For fantasy managers, avoiding the overreaction to Week 1 can pay huge dividends. The entire football world collapsed upon the Cleveland Browns after their underwhelming play in Week 1. Likewise, the Tennessee Titans put up monster numbers that will enhance the perception of some of their players in fantasy. Some developments from the first week will hold over the course of the year, but many won't. Trust your evaluations from before the season and find the value available on the trade market.
Nick Chubb, RB, Cleveland Browns: Though far from a poor performance, Nick Chubb didn't light the world on fire in the season opener, finishing with 17 carries for 75 yards and another 10 yards off three receptions. The Browns' offense will improve, but a panicky Chubb owner might overreact to Week 1 and the looming return of Kareem Hunt and deal the running back now. Pounce on him if you can and take advantage of Sunday's matchup with the Jets' defense.
David Montgomery, RB, Chicago Bears: For reasons that remain unclear, the Bears gave Mike Davis 12 combined carries and targets last Thursday while David Montgomery saw only seven. That split should change quickly as Montgomery establishes himself as the superior player. Chicago also has matchups with a few porous run defenses over the next month and change, which should help Montgomery live up to his pre-2019 evaluation.
Matt Breida, RB, San Francisco 49ers:Tevin Coleman suffered a high-ankle sprain in Week 1 and will miss at least some time while he recovers. He might not have a starting job by the time he comes back, as Matt Breida showed last year how effective he can play in Kyle Shanahan's offense. If Breida plays to his capabilities, he has No. 2 running back potential in fantasy. And even if prospective Breida owners fear Coleman's eventual return, they can look to trade Breida later on after he boosts his value.
Eric Ebron, TE, Indianapolis Colts: Neither of the Colts' top tight ends produced well in the season opener, but the offense appears to have a pecking order in 2019. Jack Doyle received the lion's share of the work, playing 42 snaps compared to Eric Ebron's 25. Ebron generally went too early in fantasy drafts this year because of his highly unsustainable 13 touchdowns from a year ago. If you made that mistake, see if another team in your league still values Ebron that way.
Damien Williams, RB, Kansas City Chiefs: It only took one week for LeSean McCoy to establish himself as the better running back in Kansas City. McCoy saw fewer combined touches and targets than Damien Williams (11 versus 19), yet he still produced 28 more yards. Chiefs head coach Andy Reid will shift more of the focus toward McCoy soon, perhaps as early as the team's Week 2 matchup with the Raiders.
Derrick Henry, RB, Tennessee Titans:Derrick Henry bolstered a solid Week 1 performance with a 75-yard catch and run that reached the end zone. That one play placed him above Dalvin Cook, David Johnson, and a host of other established fantasy running backs. Don't let one play fool you. Henry remains the same plodding, touchdown-dependent back from a season ago. The window to sell high might close quickly here.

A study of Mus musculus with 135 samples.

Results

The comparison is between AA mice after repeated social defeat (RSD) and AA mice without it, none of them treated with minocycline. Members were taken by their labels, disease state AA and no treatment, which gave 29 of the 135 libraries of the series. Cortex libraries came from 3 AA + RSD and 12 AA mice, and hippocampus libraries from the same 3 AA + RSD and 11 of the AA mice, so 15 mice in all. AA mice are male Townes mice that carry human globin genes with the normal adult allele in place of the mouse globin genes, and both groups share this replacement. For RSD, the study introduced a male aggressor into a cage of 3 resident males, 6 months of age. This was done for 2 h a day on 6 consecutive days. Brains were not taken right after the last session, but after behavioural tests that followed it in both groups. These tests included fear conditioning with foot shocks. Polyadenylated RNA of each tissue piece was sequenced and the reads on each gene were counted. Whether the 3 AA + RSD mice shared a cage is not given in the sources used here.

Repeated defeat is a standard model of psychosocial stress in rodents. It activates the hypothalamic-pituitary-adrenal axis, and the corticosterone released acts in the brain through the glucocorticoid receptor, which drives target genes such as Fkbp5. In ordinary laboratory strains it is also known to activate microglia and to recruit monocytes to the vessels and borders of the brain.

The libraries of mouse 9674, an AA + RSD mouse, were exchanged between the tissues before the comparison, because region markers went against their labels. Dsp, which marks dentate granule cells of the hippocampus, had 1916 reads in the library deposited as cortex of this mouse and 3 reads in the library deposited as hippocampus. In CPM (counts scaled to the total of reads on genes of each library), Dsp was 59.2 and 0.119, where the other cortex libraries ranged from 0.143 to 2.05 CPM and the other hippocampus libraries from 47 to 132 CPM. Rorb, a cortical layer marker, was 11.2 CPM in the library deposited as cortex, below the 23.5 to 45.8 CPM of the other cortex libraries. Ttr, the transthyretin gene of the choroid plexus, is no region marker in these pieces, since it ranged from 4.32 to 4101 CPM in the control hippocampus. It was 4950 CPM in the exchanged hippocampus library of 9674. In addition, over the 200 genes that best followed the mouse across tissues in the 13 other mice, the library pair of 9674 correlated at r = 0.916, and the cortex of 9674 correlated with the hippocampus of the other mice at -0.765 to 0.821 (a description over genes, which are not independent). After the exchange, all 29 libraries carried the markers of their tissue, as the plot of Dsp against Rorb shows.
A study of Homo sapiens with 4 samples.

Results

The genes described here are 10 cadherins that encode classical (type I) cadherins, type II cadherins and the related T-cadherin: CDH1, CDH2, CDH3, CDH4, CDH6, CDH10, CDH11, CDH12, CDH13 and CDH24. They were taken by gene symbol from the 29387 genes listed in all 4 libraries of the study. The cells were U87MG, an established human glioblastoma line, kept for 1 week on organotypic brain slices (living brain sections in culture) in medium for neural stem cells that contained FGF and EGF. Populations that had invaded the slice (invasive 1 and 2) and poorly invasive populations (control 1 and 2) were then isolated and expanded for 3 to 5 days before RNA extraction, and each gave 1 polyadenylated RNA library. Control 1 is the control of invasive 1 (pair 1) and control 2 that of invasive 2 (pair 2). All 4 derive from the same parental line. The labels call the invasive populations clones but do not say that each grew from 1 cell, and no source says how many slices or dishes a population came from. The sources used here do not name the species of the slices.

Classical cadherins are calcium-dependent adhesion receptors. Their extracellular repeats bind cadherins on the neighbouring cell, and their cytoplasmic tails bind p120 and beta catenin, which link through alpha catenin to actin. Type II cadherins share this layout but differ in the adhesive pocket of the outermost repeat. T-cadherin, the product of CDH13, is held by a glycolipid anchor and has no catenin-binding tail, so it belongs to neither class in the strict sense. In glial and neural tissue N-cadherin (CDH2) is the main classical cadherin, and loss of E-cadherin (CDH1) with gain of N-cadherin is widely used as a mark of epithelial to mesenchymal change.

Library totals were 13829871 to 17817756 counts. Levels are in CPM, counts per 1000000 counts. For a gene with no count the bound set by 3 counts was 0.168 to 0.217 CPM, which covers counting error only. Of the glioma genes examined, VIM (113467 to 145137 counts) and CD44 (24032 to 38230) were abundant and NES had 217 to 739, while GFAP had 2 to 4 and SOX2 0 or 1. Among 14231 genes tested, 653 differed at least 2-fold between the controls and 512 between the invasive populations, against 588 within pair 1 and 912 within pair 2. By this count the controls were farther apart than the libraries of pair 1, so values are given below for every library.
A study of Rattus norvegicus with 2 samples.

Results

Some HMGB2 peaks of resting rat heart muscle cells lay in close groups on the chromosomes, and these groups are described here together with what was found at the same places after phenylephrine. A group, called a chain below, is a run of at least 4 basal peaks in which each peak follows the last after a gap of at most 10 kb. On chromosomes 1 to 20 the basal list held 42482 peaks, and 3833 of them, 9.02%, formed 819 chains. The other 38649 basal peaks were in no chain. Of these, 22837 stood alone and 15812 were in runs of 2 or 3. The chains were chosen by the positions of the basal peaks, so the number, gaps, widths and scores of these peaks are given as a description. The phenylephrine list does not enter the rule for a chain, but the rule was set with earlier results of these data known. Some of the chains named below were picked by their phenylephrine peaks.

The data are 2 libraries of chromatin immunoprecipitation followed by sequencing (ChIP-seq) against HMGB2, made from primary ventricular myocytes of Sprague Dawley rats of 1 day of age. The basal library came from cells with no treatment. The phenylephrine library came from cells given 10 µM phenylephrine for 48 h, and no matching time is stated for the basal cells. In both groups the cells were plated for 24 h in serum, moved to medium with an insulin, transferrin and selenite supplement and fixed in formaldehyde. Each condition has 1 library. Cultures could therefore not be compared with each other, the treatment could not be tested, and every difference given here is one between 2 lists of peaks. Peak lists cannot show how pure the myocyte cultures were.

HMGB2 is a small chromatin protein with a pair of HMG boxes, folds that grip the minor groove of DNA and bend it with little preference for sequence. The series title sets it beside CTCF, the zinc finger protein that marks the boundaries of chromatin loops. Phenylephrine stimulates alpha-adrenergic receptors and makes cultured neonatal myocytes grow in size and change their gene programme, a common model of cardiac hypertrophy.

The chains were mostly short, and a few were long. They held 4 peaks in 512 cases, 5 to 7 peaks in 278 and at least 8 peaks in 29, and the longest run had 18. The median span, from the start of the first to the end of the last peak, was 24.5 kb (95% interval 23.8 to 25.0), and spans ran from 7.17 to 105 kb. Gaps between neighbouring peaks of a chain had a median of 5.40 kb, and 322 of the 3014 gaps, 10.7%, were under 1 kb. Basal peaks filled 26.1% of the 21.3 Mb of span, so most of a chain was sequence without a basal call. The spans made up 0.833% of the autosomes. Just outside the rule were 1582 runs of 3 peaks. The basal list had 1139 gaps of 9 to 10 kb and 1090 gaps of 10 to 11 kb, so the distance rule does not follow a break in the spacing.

Josh Gordon picked up right where he left off during the Patriots' first game, hauling in three passes for 73 yards and a touchdown. While you don't currently start Gordon and it remains unclear how Antonio Brown, who is being investigated for sexual assualt, will affect his value, he could become a starter for you later in the season. I don't have a problem trading Gordon given your wideout depth, though.
Still, Melvin Gordon and his camp have given no indication that he plans to return to the Chargers in the near future. For you to do this deal, you have to believe that Gordon will change course and report over the next few weeks or the Chargers will trade him to a new team. I don't feel confident enough in either scenario, so I would pass.
While I did recommend trading Williams above, I don't think this trade makes sense for you. The Packers' offense didn't perform well in Week 1 and might struggle again this Sunday against the Vikings' defense. Still, he has the most overall value of any player involved in the proposed deal and you have decent running backs in Aaron Jones and Montgomery. Dalvin Cook delivered one of the best games of his career, but he doesn't play the Falcons' defense every week and has trouble staying on the field.
You have the depth to cover for the loss of Kerryon Johnson and would get Julio Jones, the best player in the deal. The Falcons typically won't turn the ball over three times as they did in Week 1, so Jones shouldn't have much trouble producing his usual numbers. I like Christian Kirk's potential in the Cardinals' new offense, but not enough to kill the trade.
Go for it, Cole. Le'Veon Bell remains a high-volume monster after a year away from the NFL, and he doesn't have to play a defense as good as the Bills every week. Still, Mark Ingram should see plenty of work himself as Week 1 demonstrated. Those who read my Week 1 trade calls already know he has a high ceiling in the Ravens' offense. If you can land Ingram and a top wideout like Keenan Allen for just Bell, you'll probably end up on the right side of this deal.